Charles Trevelyan’s US Debut at Carpenters Workshop Gallery


At Carpenters Workshop Gallery’s space overlooking Fifth Avenue, a patinated bronze table, with thin, knurled legs, balances lightly on the concrete floors. The penthouse in the Philip Johnson-designed building makes for an unlikely, yet striking, setting for a piece that appears to have sprouted directly from the earth. The Supine table is one of seventeen works on view by Australian designer Charles Trevelyan in his first US solo exhibition, Fuse.

The designer’s work might best be described as bridging the fields of sculpture and industrial design. With a background in engineering, Trevelyan brings a structural expertise to his pieces. His childhood spent in the Australian outback, however, has not been lost. Although he now is based in London, arguably the industrial design capital of the world, the organicism in his work reflects values of handicraft, which Trevelyan says are culled from Perth’s appreciation of these same qualities.

Close, but not touching, magnents keep the two elements seperate on Trevelyan’s On A Limb lamp, 2010. COURTESY OF CARPENTERS WORKSHOP GALLERY.

Trevelyan’s earliest piece in the show, a standing lamp from 2010, is a perfect starting point for understanding his evolution as a designer. The dark timber lamp is really a sculpture in two parts: A smaller column with a single bulb almost kisses a free-standing facing column, the two forever separated by repelling magnets encased in the wood. Trevelyan was inspired by the idea of two elements that could be tantalizingly close, but never touching. Placement of the magnets was deliberate, “I didn’t want it to be a trick,” he insists. The organic form and concept are carried out by an underlying structural system. This relationship, between engineering, materials, and sculpture, is what defines Trevelyan’s work.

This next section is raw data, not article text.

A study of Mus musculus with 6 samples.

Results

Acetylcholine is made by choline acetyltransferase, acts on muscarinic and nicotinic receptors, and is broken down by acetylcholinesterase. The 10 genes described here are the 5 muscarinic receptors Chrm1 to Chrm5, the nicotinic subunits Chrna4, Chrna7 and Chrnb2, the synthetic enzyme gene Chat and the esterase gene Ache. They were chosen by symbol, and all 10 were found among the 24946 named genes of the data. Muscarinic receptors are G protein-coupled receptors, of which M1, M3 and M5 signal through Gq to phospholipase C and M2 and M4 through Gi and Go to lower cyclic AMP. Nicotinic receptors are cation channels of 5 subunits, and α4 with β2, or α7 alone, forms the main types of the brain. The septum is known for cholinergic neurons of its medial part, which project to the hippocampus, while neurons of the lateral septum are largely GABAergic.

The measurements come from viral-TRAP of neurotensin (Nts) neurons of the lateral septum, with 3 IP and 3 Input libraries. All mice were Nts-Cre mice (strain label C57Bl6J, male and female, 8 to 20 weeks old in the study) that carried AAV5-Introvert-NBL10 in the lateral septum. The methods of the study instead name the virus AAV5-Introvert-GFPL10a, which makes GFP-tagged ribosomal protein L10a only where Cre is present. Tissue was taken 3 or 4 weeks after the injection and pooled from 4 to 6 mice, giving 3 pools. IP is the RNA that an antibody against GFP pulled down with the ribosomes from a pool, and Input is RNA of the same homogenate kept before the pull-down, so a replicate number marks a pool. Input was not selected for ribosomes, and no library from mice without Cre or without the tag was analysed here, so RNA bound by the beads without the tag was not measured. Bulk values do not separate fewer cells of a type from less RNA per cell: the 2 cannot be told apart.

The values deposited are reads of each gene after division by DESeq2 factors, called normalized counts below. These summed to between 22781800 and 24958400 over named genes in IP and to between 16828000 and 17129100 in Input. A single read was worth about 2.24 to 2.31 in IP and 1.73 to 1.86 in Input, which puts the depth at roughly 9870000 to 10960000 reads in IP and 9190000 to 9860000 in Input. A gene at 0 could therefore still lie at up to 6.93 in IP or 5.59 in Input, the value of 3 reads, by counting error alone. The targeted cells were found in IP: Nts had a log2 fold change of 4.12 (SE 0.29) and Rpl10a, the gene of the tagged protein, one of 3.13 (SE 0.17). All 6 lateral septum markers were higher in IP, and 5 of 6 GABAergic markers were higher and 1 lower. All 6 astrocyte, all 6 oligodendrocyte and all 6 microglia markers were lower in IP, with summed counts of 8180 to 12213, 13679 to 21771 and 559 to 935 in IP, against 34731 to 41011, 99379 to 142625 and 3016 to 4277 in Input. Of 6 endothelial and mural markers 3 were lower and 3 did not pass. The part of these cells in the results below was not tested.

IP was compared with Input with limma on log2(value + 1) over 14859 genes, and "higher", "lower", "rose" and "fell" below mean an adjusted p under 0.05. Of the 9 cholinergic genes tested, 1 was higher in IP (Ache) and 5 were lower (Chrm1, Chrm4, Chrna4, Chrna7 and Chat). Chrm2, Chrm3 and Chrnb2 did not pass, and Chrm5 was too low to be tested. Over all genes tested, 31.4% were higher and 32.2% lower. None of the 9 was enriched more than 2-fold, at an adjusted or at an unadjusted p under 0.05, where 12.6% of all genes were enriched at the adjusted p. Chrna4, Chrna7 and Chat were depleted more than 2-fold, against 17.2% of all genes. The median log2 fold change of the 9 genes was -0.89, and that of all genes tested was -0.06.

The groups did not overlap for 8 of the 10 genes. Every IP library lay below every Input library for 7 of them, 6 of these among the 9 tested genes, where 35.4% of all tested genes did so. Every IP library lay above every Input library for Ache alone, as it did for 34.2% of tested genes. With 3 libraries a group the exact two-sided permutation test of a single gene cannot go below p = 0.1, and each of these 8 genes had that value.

The texture on Trevelyan’s Circumspect lamp has a deliberate linearity, revealing how each aspect of Trevelyan’s work is underlined by a purposeful order. COURTESY OF CARPENTERS WORKSHOP GALLERY.

Refining his earlier standing lamp, the lights here are seamlessly incorporated into the bronze, creating a more harmonious unity. Bipartite Grey, 2013. COURTESY OF CARPENTERS WORKSHOP GALLERY.

Figuring out this balance is not easy—the pieces are developed through extensive prototyping. Trevelyan says that he sketches to record the process, but the true experimentation comes from creating 3-D models. Trevelyan brings his prototypes into the gallery, underscoring the standard collaborative process between Carpenters Workshop and its designers. In the instance of his Camber coffee table, the first model was initially rejected by the gallery’s principal, Julien Lombrail, but when he saw the tabletop upside down as it was being loaded back into the car, the texture underneath proved to be exactly what he was looking for. The natural finish of the bronze belies the highly resolved engineering underneath, a testament to Trevelayn’s mastery of materials and form. Trevelyan notes his partiality to the golden patina of bronze, how it shows wear with age. He stresses that his pieces are “not precious objects” and implores “I want people to use them,” emphasizing his commitment to function and utility.


Detail of Trevelyan’s Camber I table. COURTESY OF CARPENTER’S WORKSHOP GALLERY.

Trevelyan explains that casting liquid bronze prescribes a very specific process that allows for little variation. Trevelyan’s newest pieces—a pair of coffee tables—represent an evolution from his work in bronze. Namely, the tables are made from Hotavlje, a cool grey marble from Slovenia with dramatic streaks of white. The marble was quarried next to the workshop where the tables were constructed, representing an important “unity of source” says Trevelyan. The form of the tables arose out of “the idea of squashing pebbles together,” which was inspired by Trevelyan’s tendency to collect stones and other natural materials as he goes about his day. However, these tables are the result of “deliberate sculpting,” stressed Trevelyan, emphasizing the complex process it took to combine the separate shapes into their final, cohesive form. While his earlier bronze work is “structural rather than sculptural,” these new pieces take on a purposeful “ambiguity of form” where organicism begins to mask the underlying mechanics. This direction is where Trevelyan hopes to move in the future, creating more abstract, sculptural works, and to develop, “parallel collections with distinct visual identities.”



By revealing and obscuring structure through various mediums, Trevelyan explores the limits of what’s possible. And this negotiation between engineering and sculpture, the hand and the machine, marks Trevelyan as a noteworthy force in contemporary design.

Charles Trevelyan Fuse is on view at Carpenters Workshop Gallery | New York until October 27, 2018.